Column: Awareness First

awareness

I cracked a filling. At first, I thought it was a chunk of actual tooth and my childhood nightmare of teeth crumbling out of my mouth was coming true.

Maybe the dental hygienist was right, four years ago, when she suggested I might be a clencher. The jaw is incredibly powerful, she told me, as she scaled and chatted and intimated, in her kind and clinical way, that I might have stress-management issues.

The jaw is capable of exerting up to 200 pounds of pressure on the molars. That’s a lot of pressure, she warned, and it can lead to serious trouble – headaches that don’t go away, teeth cracking, broken fillings.

“Just bring your awareness to it,” she told me, “now that we’ve talked about it. See if you notice anything.”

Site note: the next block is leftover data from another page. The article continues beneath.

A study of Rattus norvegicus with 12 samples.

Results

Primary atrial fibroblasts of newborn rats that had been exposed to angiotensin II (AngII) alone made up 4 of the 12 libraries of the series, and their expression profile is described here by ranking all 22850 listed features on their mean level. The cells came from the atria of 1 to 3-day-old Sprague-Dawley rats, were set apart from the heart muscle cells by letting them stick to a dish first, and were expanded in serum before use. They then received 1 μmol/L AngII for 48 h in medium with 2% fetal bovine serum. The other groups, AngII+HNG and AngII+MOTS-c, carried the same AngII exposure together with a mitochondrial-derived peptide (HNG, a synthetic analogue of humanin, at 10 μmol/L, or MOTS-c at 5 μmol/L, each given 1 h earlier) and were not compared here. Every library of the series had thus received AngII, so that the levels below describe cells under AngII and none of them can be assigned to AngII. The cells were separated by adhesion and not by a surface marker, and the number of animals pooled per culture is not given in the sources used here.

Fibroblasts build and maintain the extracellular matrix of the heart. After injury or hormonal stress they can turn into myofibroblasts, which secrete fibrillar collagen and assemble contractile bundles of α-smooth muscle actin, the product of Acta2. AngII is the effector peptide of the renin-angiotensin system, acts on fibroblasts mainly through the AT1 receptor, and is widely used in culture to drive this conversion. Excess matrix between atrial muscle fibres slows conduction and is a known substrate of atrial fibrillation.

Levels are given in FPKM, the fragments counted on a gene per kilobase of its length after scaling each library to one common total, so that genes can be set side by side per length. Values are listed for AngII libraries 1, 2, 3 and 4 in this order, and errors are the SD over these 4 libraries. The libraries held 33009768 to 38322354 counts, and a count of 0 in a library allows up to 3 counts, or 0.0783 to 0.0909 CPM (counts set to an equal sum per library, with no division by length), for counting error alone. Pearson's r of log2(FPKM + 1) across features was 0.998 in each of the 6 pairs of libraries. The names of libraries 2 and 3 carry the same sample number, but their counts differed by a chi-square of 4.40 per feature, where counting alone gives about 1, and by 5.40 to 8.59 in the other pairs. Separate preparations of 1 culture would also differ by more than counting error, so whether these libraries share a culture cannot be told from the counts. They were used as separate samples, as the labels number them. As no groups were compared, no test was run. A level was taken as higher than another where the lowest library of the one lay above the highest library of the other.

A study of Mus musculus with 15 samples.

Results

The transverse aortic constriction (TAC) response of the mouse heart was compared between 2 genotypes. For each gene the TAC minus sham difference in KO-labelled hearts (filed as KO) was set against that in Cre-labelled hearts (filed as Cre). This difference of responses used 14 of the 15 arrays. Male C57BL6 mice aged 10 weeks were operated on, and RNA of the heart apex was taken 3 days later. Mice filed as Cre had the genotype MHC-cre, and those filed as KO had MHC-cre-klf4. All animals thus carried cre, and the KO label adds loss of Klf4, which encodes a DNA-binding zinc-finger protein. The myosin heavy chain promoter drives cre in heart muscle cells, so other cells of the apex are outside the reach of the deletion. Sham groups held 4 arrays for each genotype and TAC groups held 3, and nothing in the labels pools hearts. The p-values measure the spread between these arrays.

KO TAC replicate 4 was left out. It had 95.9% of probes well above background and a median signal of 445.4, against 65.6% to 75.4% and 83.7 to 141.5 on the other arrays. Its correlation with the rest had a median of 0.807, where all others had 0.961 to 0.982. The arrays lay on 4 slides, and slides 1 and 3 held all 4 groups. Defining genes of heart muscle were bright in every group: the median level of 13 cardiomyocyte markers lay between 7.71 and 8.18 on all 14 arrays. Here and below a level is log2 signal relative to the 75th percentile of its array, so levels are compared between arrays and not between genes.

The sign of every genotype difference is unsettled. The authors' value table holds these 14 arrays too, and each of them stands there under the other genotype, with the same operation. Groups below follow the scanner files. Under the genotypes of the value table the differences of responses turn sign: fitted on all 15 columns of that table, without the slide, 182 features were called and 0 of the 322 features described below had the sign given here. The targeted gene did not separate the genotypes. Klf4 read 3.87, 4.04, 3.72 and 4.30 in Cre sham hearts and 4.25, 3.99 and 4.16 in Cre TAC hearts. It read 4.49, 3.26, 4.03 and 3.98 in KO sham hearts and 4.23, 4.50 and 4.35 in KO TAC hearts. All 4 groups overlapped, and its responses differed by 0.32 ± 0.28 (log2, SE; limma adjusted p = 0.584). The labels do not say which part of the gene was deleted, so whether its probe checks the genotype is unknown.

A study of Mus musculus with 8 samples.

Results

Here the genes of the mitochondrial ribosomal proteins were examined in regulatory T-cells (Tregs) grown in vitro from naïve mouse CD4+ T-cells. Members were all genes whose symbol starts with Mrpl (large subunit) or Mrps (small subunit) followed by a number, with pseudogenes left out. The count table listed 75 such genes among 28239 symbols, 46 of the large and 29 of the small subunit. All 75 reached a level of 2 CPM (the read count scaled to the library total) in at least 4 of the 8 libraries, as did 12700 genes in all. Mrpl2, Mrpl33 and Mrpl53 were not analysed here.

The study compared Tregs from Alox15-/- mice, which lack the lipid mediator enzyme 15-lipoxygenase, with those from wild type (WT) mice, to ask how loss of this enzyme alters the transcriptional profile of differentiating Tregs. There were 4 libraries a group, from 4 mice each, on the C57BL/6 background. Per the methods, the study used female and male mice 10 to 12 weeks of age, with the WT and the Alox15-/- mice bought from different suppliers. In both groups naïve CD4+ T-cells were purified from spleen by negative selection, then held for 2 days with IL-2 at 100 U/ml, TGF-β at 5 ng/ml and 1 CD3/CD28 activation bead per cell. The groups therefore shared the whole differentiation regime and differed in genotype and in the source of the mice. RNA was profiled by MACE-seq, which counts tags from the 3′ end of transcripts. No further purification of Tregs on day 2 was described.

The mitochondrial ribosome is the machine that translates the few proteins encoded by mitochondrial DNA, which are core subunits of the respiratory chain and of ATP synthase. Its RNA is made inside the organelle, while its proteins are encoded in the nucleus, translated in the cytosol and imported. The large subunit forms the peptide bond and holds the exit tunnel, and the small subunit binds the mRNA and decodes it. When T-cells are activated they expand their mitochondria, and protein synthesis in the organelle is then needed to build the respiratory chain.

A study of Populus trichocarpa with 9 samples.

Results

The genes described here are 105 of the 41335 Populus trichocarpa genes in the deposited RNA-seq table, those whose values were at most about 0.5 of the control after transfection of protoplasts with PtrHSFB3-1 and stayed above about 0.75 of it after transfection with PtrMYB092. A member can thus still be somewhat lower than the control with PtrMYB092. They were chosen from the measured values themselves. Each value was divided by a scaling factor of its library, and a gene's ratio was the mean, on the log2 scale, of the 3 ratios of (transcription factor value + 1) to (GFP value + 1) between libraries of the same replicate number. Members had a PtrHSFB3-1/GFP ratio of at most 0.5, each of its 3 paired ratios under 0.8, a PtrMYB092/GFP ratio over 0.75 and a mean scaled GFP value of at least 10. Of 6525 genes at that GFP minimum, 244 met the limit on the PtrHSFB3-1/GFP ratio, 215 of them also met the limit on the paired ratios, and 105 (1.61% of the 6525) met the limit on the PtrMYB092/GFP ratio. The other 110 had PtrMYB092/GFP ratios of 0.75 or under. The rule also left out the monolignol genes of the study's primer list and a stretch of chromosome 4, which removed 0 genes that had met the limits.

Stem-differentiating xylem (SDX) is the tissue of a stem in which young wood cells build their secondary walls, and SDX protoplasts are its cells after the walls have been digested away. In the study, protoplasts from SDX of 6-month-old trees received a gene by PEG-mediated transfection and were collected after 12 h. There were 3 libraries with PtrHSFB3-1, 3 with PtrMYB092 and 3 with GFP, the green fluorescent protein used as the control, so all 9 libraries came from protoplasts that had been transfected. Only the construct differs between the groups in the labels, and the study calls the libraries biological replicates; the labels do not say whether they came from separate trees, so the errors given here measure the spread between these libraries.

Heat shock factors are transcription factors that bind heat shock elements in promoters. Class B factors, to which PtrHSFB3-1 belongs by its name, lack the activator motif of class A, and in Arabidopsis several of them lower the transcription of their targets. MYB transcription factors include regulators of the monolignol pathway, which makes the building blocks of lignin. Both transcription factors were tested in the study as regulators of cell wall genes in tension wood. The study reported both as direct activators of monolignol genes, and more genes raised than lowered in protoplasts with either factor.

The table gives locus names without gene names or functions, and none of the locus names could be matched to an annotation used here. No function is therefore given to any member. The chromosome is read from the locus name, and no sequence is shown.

Don’t panic. Keep breathing. Make no sudden moves. But bring your awareness to bear.

I’m workshopping this as a new life mantra – cracked filling, notwithstanding. When an expert uses that kind of language, instead of the high-pressure, act now shock tactics that are being deployed everywhere else one looks, I give that message more consideration, probably because the constant manipulation of my internal panic buttons by media and advertisers and government has numbed me out.


Judging from the sold out crowd, and the number of people talking about “attachment” this week, Maté’s message resonated deeply. But instead of freaking people out, he says the first step is: awareness.

“Rather than offer a host of solutions,” says Tanya Richman, a child and youth therapist, in her blog post about the talk, “Dr Maté said that we need to begin to be aware that this is a problem. There is no point in seeking solutions without an acknowledgement that this is a problem.”



It’s only then that we can turn things around.